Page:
I have been paying a lot of attention to Software Development – the one place our economy that is alive and flourishing. Occasionally, the people there have noted that there aren’t many women in their midst – but they have not spent much time wondering why. I have.
I have the advantage of looking at them from the outside – from Costa Rica, where I now live – after spending 20 years in the Computer Industry in California.
My observations are based on one fact – that women are different from men – fundamentally different. And not just in their biology – only they can have babies. But also in their general outlook. They are more social, and less interested in using tools to get ahead.
Referring to the Merriam-Webster Unabridged – I see what I am looking for in Instrumentalism:
A conception that the significant factor of a thing is its value as an instrument; specifically : the doctrine that ideas are instruments of action and that their usefulness determines their truth.
This is most clearly seen in warfare – where men are eager to use the latest tools for them to win. Women have been content to remain in the background – and let their men do their fighting for them. They are not too choosy about the means their men use to get ahead – they will simply enjoy the results.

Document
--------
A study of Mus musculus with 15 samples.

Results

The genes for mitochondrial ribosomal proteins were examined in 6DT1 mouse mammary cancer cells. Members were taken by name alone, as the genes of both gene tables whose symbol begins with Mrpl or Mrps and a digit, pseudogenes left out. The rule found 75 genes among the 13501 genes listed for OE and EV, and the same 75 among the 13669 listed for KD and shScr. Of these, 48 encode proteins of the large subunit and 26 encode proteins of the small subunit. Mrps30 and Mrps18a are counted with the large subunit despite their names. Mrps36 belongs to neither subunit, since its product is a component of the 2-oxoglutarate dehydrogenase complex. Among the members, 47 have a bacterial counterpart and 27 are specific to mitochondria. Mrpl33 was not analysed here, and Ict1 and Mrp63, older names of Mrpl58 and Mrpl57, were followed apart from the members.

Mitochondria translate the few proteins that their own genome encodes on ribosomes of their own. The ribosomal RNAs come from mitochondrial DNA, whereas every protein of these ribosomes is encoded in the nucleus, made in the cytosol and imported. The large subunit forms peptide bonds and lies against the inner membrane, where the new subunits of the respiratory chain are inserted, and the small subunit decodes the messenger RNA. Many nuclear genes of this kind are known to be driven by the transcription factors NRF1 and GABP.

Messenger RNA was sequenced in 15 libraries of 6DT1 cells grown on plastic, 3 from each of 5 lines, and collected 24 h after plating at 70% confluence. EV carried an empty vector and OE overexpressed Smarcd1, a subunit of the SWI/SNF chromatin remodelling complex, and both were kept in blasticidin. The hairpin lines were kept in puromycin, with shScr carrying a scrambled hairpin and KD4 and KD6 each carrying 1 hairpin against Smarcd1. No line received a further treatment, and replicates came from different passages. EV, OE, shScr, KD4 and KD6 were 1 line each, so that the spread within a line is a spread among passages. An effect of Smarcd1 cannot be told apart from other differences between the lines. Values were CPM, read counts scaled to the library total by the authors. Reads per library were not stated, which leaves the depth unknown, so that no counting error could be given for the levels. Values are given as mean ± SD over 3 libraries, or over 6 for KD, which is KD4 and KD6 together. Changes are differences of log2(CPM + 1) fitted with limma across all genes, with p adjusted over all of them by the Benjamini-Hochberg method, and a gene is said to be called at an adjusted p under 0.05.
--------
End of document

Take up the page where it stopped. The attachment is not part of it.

And Business has been War – not the nicest human interaction, but the most successful. An integral part of the Industrial Revolution and Capitalism.
Software Development has been divided into two camps – those who support the war between companies – and those who want to make software better. Some efforts support both.
Cisco, for example, supports the development of Java computer language – that benefits everyone. It does so reluctantly, however, because it inherited the language when it acquired Sun Microsystems. It is being forced to be a good guy – when it would rather be a bad guy.
But let me return to the main point. Women are still being left on the sidelines – because their special skills are not needed in the world of Business. There are exceptions, of course – but they remain exceptions.